Make Sure Your Window Wells Are Well Maintained With This Checklist
Window Well Maintenance at a Glance
- Clear debris
- Ensure proper drainage
- Install cover
- Check liners
Window wells are an attractive and practical way to flood your basement rooms with natural light. If your home is suitable, installing window wells allow you to use your basement as a living area without relying on artificial light sources. However, you can't simply install window wells and then forget about them. Proper maintenance is essential to keep them looking and functioning at their best.
Regular Window Well Maintenance Tasks
It's easy to forget about your window wells when they're not causing any problems. However, carrying out regular maintenance can help you avoid costly and time-consuming issues down the line.
Scheduling maintenance on your calendar or smartphone is a sensible way to remember this crucial task. As a rule of thumb, plan to maintain your basement windows every three months. You should also follow this checklist more regularly during stormy or snowy weather.
Clear the Wells
Debris can build up inside your window wells, especially during stormy weather. If you leave them untouched for too long, your window wells can become home to piled-up leaves, sticks and dirt. This debris can block the drainage system, leading to water damage or flooding.
As long as you do it regularly, you can usually clear out a window well by hand. However, this can be very time-consuming if you've got a major mess on your hands. While a regular household vacuum cleaner won't be up to the job of clearing a window well, investing in a wet vac or commercial vacuum cleaner is a great way to keep your window wells nice and clean.
It's particularly important to pay attention to your window wells in cold weather. Snow and ice inside the well can clog or damage the drain, so shovel it out as soon as you can.
Check the Drainage System
The drainage system is vital for keeping your window wells in good condition. Therefore, it's worth taking a look during rainy weather to ensure that there isn't water accumulating in the bottom of the well. If there is, that's a sign that you need to unblock the drain. You can attempt this yourself using a drain snake, or you can ask a professional to do it for you. A plumber can thoroughly inspect your system, remove clogs and repair or replace faulty pipes.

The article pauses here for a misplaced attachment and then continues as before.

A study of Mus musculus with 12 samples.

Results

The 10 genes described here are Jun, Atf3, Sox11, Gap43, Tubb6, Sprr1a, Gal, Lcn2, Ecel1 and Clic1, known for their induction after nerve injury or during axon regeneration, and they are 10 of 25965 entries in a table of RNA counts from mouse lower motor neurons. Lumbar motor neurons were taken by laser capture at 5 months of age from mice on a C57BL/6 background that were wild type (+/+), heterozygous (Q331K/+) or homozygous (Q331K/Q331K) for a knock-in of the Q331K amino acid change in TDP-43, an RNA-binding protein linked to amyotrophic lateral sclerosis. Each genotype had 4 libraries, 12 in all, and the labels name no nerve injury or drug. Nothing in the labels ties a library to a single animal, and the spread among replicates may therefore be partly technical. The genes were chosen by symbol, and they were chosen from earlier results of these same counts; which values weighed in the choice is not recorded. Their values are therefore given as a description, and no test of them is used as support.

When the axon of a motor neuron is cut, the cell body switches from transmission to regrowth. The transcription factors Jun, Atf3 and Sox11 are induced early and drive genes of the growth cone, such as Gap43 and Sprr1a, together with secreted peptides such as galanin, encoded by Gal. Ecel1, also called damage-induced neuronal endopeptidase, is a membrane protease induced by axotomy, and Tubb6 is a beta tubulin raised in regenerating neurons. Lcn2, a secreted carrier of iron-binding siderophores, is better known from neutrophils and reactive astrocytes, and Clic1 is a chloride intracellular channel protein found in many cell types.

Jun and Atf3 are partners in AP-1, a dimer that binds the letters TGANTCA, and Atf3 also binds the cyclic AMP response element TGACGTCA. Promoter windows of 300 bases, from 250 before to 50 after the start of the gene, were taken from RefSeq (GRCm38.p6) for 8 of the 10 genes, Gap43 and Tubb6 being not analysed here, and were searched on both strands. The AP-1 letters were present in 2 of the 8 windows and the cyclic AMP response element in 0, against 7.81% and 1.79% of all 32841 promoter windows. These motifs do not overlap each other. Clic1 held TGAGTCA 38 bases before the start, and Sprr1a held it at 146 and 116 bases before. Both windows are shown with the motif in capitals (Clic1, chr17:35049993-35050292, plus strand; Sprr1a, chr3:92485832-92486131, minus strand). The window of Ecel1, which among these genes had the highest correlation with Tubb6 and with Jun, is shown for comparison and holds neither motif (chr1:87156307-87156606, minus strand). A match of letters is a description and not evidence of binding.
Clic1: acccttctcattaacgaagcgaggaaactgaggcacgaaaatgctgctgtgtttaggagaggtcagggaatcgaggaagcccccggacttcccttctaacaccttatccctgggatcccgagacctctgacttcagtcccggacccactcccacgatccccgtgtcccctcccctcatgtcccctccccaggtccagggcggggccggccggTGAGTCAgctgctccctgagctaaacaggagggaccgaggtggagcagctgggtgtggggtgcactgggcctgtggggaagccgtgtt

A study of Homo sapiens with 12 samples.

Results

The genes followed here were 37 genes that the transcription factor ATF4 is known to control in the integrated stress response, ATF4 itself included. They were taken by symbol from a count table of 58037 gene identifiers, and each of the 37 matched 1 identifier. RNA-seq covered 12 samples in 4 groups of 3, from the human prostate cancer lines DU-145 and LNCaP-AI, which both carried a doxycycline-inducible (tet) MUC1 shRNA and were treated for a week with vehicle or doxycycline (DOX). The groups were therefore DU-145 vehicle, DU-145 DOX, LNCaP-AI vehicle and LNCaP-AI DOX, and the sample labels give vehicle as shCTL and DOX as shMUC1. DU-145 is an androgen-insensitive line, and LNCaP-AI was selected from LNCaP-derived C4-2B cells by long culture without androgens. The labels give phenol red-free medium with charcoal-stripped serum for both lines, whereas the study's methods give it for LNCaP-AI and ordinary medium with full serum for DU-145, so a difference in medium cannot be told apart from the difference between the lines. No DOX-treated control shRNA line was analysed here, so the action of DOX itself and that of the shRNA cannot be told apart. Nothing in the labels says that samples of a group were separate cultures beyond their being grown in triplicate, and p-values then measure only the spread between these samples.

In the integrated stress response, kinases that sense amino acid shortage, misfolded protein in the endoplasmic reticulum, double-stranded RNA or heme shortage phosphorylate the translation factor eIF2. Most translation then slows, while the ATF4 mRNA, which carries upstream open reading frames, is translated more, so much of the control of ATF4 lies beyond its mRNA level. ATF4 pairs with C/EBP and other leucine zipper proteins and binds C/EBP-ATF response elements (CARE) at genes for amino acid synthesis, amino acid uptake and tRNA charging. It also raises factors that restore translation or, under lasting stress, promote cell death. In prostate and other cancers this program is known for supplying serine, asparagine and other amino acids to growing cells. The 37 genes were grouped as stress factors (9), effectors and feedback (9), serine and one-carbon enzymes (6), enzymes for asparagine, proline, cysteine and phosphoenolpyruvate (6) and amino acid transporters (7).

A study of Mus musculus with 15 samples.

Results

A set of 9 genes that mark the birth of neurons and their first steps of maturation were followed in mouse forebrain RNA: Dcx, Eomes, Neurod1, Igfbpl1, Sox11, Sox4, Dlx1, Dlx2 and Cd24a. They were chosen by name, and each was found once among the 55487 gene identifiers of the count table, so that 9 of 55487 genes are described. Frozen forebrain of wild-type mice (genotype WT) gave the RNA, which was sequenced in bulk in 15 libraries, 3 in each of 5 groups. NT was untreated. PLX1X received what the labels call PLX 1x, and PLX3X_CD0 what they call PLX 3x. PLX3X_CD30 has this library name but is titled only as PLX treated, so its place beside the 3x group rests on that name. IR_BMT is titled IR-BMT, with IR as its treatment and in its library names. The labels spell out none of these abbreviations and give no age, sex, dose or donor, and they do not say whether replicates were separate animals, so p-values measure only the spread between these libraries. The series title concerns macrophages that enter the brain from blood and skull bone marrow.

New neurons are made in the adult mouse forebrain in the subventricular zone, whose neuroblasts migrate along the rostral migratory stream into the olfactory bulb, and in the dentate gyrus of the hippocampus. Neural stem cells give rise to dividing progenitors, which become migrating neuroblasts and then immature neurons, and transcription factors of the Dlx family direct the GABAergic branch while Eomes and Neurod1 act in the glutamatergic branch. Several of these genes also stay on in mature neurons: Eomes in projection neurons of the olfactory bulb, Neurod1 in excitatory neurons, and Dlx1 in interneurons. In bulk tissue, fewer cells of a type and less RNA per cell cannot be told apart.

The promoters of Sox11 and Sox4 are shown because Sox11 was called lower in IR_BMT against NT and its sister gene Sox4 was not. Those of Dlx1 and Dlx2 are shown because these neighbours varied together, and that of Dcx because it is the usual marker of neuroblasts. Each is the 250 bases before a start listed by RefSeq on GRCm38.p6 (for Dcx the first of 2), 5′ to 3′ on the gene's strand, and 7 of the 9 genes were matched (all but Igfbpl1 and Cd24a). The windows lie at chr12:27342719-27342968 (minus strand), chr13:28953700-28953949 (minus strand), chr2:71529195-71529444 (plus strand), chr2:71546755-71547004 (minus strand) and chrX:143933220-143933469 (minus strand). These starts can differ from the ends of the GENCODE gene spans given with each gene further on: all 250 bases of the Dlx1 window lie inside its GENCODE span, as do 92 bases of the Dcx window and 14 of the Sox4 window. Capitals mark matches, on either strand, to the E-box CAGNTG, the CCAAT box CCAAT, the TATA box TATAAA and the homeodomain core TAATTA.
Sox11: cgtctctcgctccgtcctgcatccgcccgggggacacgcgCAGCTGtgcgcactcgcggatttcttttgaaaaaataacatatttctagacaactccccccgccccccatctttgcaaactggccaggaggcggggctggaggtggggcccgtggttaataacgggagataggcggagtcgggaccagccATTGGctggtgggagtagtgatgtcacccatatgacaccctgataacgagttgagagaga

It's also important to make sure that the gutters above your window wells are functioning properly as well. If the gutters are clogged, water could gush down into the window wells and overwhelm the drainage system, leading to damage over time. Routinely having your gutters cleaned can help guard against this common problem.
Buy a Window Well Cover
You should always use a window well cover to stop large items from getting stuck inside the well. When choosing a cover, carefully consider your area's weather conditions and buy a model designed to cope with the climate. Check the window well cover regularly to ensure that it's in good condition and give it a thorough clean.
You'll need to select a cover specifically designed for window wells and make sure it's properly installed. Any product you pick should be quick and easy to remove in case you need to access the window in an emergency.
Check the Well Liners
Well liners are essential to keep your window wells waterproof and prevent water damage to your home. Over time, these liners can start to come away, allowing water into any cracks. Regularly check that the liners are clean and in good condition, replacing the caulk if necessary.
If there's a lot of damage to the liner, ask a professional to take a look at it. They may recommend replacing the liner, which is more cost-effective than allowing water to seep out and cause costly structural problems in your home.
Most window wells have a drainage system to stop water from building up inside. Without proper drainage, the well will almost certainly fill up with water, damaging your home or causing the windows to crack under the pressure.
If you don't have a properly installed well drain already, ask a professional contractor to fit one. There are two main options for window well drains, and the one you should pick depends on your existing structure and plumbing system. Exterior drains link to the perimeter drain around your home's foundation. An interior drain connects to the sump pump inside your property. If you install an interior drain, the contractor will need to create a hole in the foundation to connect the drain pipes.
Should I Put Gravel in My Window Well?
Placing a few inches of gravel at the bottom of your window well is recommended because it helps rainwater trickle slowly into your drainage system instead of pooling around the house's foundation. It's a cheap and effective way to create a barrier between the window well and your home.
Another advantage of putting a gravel layer in your window well is that it prevents debris from entering the drain. It can help reduce the likelihood of clogs and flooding in severe weather.
There's no magic figure for how much gravel you should put in your window well, but a good rule of thumb is to aim for roughly 6 inches. Overfilling the well could exert pressure on the basement windows and cause them to crack. If in doubt, consult a contractor who can recommend a suitable depth based on your window well's dimensions.